On the Saturday night of our trip to England, Dan's parents took me to their local cinema to see Song For Marion.
The theater was at the top level of the Corn Exchange in Newbury. The building that houses the cinema was built in 1862 and as the name implies, was originally a space where merchants exchanged corn. In 1993, The Corn Exchange was transformed into a performing arts center, with the top level housing a small, single screen cinema.
The theater holds about fifty-sixty people and has assigned seating. Dan's parents purchased our tickets about a month in advance, something that I can't imagine having to do at any of our local theaters. The screening of Song for Marion completely filled up.
Song for Marion is a tear jerker. It's the worst kind of tear jerker, the kind that starts at the early on in the film and doesn't let up. A tear jerker combined with the jet lag that I was experiencing was a recipe for an emotional evening out. I was not alone though, the entire theater was filled with sniffling and everyone walked out with red eyes and crumpled hankies.
That being said, I really enjoyed Song for Marion. Vanessa Redgrave plays Marion, a woman dying of cancer, whose curmudgeon husband (Terence Stamp) must find a way to deal with his grief and repair his relationship with his estranged son. His wife finds fun and solace during her final months through participating in a choir for senior citizens, something that her husband just cannot understand. The choir and it's bubbly director become a force in both of their lives.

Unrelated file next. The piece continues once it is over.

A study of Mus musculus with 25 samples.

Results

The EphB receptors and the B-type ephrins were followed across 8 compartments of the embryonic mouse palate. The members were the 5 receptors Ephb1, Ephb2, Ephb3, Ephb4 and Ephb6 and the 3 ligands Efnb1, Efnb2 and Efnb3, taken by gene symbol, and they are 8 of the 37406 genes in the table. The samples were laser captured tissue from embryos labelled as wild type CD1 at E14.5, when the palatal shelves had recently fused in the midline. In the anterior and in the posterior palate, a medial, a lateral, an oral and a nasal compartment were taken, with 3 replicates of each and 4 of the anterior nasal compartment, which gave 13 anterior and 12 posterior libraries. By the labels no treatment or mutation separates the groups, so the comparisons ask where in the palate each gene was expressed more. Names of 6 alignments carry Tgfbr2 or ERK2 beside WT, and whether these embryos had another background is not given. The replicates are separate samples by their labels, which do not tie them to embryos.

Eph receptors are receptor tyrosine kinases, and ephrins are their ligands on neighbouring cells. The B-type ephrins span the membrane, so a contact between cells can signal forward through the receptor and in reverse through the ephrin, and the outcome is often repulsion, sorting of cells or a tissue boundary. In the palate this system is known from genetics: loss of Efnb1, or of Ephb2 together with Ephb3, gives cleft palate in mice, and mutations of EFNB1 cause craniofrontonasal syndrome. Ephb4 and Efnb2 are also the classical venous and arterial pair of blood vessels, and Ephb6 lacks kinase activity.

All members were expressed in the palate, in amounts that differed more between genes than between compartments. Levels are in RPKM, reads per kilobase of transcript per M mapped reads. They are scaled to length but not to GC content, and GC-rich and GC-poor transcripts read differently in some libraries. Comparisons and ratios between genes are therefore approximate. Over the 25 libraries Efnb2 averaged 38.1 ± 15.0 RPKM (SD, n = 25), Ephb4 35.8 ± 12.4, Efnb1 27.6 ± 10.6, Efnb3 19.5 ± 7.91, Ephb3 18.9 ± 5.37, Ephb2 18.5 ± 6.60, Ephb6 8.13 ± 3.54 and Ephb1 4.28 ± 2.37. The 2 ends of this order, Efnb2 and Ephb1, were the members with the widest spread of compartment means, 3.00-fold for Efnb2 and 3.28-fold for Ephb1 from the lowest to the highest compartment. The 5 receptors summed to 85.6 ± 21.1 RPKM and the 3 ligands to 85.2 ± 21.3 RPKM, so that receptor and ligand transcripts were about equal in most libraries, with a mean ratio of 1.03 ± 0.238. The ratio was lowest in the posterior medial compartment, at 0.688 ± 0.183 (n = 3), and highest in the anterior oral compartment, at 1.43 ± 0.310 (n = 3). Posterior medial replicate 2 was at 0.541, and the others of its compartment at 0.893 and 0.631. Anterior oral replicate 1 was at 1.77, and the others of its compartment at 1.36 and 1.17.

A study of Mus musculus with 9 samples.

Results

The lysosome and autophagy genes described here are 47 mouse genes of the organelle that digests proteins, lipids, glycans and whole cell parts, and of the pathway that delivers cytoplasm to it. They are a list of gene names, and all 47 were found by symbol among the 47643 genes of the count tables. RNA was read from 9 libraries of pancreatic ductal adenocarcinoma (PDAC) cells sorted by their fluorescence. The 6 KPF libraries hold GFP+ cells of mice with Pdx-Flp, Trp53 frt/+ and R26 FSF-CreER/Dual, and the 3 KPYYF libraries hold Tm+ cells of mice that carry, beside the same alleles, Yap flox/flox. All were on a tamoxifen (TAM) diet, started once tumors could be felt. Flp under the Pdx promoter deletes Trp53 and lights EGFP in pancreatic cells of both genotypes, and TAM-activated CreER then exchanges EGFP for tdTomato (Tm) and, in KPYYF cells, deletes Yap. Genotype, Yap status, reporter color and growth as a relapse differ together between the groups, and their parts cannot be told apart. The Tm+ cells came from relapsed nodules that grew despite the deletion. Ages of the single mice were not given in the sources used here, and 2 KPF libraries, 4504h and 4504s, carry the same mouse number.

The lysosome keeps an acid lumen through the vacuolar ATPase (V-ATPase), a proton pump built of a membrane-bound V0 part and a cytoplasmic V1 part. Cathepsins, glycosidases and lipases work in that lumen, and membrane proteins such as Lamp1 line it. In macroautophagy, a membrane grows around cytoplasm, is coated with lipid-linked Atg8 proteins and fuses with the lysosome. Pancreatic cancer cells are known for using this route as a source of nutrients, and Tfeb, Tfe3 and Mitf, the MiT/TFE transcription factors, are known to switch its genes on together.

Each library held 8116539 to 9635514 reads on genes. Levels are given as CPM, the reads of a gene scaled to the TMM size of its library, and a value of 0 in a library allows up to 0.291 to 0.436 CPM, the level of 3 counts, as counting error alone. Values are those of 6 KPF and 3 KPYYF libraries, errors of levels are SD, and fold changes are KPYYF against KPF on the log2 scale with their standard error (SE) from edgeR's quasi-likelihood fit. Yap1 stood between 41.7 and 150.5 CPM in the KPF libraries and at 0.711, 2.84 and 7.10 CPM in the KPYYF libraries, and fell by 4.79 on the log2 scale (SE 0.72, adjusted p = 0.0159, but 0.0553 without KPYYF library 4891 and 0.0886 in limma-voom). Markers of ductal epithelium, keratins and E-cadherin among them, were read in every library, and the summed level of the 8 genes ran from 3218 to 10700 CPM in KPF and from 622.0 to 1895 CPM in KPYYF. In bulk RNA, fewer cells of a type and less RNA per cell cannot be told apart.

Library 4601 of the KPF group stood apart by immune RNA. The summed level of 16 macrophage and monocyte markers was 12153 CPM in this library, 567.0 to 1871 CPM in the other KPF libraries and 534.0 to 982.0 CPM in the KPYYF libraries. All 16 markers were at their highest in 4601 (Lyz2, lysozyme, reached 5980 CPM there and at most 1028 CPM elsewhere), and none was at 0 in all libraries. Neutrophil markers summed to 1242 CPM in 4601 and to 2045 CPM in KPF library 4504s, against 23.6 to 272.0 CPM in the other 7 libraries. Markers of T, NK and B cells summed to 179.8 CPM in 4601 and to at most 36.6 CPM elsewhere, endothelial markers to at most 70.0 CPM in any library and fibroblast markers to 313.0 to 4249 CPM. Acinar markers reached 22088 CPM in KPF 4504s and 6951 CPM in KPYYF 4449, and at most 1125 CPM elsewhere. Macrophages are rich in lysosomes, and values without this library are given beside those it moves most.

The story was mostly solid, although I would have liked to have had a little more background on the father/son estrangement. It's an important element to the story, yet it seemed glossed over. The story focused on the fact that they are estranged, rather than how it happened. I wanted a bit more.
I think that it's a given that Terence Stamp and Vanessa Redgrave will give an outstanding performance in any role. I was really impressed with two of the other leads, Gemma Arterton (Choir Director) and Christopher Eccleston (estranged son). Arerton and Eccleston both held their own against the powerhouse duo of Stamp and Redgrave. I feel like all four really drove the movie and delivered emotional performances. If the movie had weaker performances, it may have turned into an overly sentimental mess.
The levity of the choir group gives balance to the painful emotions that Marion's family are experiencing. This balance is what makes Song for Marion ultimately an uplifting story, without ever feeling trite, disingenuous or sappy.